60 Years Since Sylvia Plath’s Death: Why Modern Poets Can’t Help but Write ‘After Sylvia’

This year marks the 60th anniversary of Sylvia Plath’s death. Had Plath enjoyed the longevity of her poetry, she would have turned 90 in October 2022.

So significant was Plath’s contribution to modern poetry (her most recent biographer, Heather Clark, describes her as “perhaps the best-known American woman poet of the 20th century”) that in a sense contemporary poets can’t help but write “after Sylvia”.

Plath’s literary fame only arrived after her death. The sole poetry collection published in her lifetime, The Colossus (1960), had a print run of just 500 copies and her novel, The Bell Jar (1963), received lukewarm reviews and never a bestseller in her lifetime.

Many poets of my own generation, schooled in the 1980s and 1990s, first encountered Plath’s work as teenagers. The Bell Jar and her posthumously published collection Ariel (1965) were either popular curricular texts, or likely to be recommended to precocious students by cool teachers.

Such was my own experience when I, tugging tatty sleeves down over my hands, confessed to a supply teacher that I “liked writing poetry”. Doubtless she wasn’t encouraging me to shoplift a copy of Ariel the following weekend, yet after reading on the book shop carpet for a transfixed half-hour, that’s exactly what I did.

It is difficult to outgrow an influence like that. My own poem ‘Small Flame For Sylvia‘ was an attempt to stare that problem down.

A complex literary foremother

Plath looms large but often ambivalently in the literary imagination of contemporary poets. Poet Emily Berry wrote of Plath in 2022:

We don’t forget      we don’t forget

All night your stars      blaze on the hill

Relationships with literary foremothers (and fathers) may be equal parts tender and oppressive. But the astonishing imagistic (poetry that favours precise imagery) linguistic and mythic energy of Plath’s work – to say nothing of her frank and unapologetic literary ambition – freed women’s poetry from niceness and modesty.

It also emancipated post-war poetry in English more generally from the tired gentility of the New Critical and Movement approaches.

Plath did not live to see the Women’s Movement – whose activism sought equal rights and opportunities for women – and was by most accounts no feminist in her lifetime. But her poetry anticipated feminism’s assertion that the personal is political in its insistence that domestic topics such as night feeds and beekeeping could, through her art, be rendered as powerfully as any other subject.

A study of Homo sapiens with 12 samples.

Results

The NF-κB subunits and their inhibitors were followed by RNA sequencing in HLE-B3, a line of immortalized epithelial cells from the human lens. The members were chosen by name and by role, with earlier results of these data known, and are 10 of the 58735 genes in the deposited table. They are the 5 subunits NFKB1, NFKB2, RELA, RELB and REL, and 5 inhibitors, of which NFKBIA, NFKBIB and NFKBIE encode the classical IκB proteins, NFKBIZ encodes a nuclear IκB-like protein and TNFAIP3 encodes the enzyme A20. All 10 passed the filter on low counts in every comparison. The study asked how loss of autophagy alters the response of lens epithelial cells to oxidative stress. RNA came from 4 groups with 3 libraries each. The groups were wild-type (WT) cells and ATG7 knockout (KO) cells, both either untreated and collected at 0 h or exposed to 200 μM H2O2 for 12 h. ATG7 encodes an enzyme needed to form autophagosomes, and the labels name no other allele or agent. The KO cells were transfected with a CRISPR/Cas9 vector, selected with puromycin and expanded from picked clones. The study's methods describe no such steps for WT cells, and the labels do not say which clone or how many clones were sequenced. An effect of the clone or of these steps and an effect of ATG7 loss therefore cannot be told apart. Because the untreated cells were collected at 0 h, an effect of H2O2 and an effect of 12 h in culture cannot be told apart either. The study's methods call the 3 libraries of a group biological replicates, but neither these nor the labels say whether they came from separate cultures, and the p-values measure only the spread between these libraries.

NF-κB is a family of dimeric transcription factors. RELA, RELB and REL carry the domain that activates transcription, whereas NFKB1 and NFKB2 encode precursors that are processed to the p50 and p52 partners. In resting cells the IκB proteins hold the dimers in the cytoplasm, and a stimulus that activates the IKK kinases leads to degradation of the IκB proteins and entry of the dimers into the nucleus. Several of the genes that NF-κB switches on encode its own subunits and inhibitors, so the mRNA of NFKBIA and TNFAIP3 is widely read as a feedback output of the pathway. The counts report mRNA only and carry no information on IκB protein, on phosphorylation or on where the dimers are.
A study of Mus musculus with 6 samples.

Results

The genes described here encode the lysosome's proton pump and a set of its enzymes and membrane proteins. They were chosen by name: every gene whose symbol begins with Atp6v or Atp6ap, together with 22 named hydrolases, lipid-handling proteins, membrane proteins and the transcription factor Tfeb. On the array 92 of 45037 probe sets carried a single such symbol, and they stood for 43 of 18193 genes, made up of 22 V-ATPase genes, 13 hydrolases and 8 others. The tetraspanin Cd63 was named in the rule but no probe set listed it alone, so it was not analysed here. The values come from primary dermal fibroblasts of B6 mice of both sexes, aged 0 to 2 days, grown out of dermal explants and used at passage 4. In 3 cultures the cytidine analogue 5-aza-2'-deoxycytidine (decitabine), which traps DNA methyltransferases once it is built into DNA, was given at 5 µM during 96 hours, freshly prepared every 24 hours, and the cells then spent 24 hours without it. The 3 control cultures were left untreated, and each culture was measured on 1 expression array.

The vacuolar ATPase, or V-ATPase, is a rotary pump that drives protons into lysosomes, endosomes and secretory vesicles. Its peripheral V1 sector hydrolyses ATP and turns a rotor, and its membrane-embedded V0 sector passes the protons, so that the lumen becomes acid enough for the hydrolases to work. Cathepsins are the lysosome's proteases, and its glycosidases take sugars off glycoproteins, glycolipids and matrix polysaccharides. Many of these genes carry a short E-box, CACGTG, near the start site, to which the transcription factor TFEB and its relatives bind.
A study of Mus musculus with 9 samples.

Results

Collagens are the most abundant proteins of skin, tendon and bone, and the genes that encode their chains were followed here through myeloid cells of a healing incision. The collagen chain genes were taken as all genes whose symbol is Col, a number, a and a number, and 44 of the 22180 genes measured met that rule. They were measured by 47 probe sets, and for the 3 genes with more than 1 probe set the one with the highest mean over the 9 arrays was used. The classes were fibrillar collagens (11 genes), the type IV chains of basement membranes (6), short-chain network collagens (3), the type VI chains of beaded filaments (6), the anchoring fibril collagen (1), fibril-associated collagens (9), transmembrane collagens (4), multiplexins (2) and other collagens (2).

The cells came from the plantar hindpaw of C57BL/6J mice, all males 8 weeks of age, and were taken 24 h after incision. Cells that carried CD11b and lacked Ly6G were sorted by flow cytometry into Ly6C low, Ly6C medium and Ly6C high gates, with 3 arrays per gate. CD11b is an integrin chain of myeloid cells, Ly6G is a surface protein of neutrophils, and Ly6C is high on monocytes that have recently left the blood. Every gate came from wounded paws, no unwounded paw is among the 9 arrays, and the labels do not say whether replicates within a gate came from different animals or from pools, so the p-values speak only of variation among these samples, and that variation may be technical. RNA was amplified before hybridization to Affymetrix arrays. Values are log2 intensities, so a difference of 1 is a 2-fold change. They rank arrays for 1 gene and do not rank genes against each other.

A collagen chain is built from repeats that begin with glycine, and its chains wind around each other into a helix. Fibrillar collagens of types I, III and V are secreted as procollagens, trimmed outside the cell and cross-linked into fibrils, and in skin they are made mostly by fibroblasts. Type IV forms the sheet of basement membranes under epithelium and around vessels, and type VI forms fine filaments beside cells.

The slow but steady turn from biographical to historical criticism of her work enables readers to consider some of her controversial imagery. This include the Holocaust, but also the atom bombs, in Fever 103°:

“Greasing the bodies of adulterers / like Hiroshima ash.”

And racial tension of the Cold War in Cut:

“The satin on your / Gauze Ku Klux Klan / Babushka.”

Such allusions raise difficult and important questions about what a poet’s acceptable frame of reference can be.

Writing back to Plath

The shadow cast by Plath over contemporary poetry may also be experienced as one of frank alienation. Her phrasing can disturb with sudden bombshells of casually racist language, including the N-word.

This language is challenged in poet Degna Stone’s essay Lines that Jar. Such powerful instances of “writing back” as Stone’s essay are a part of both Plath’s legacy and the necessary project of writers, readers and critics towards decolonialising literature in English.

It should be considered, however, that for every reader like Stone, there may be many others who feel repulsed or silenced by this facet of Plath’s work.

Part of the task of the contemporary poet is to take Plath’s stylistic brilliance forward into a new century in as many ways as possible, while addressing this complicated legacy – and to let the woman herself rest in peace.The Conversation

Tiffany Atkinson, Professor in Creative Writing (Poetry), University of East Anglia

This article is republished from The Conversation under a Creative Commons license. Read the original article.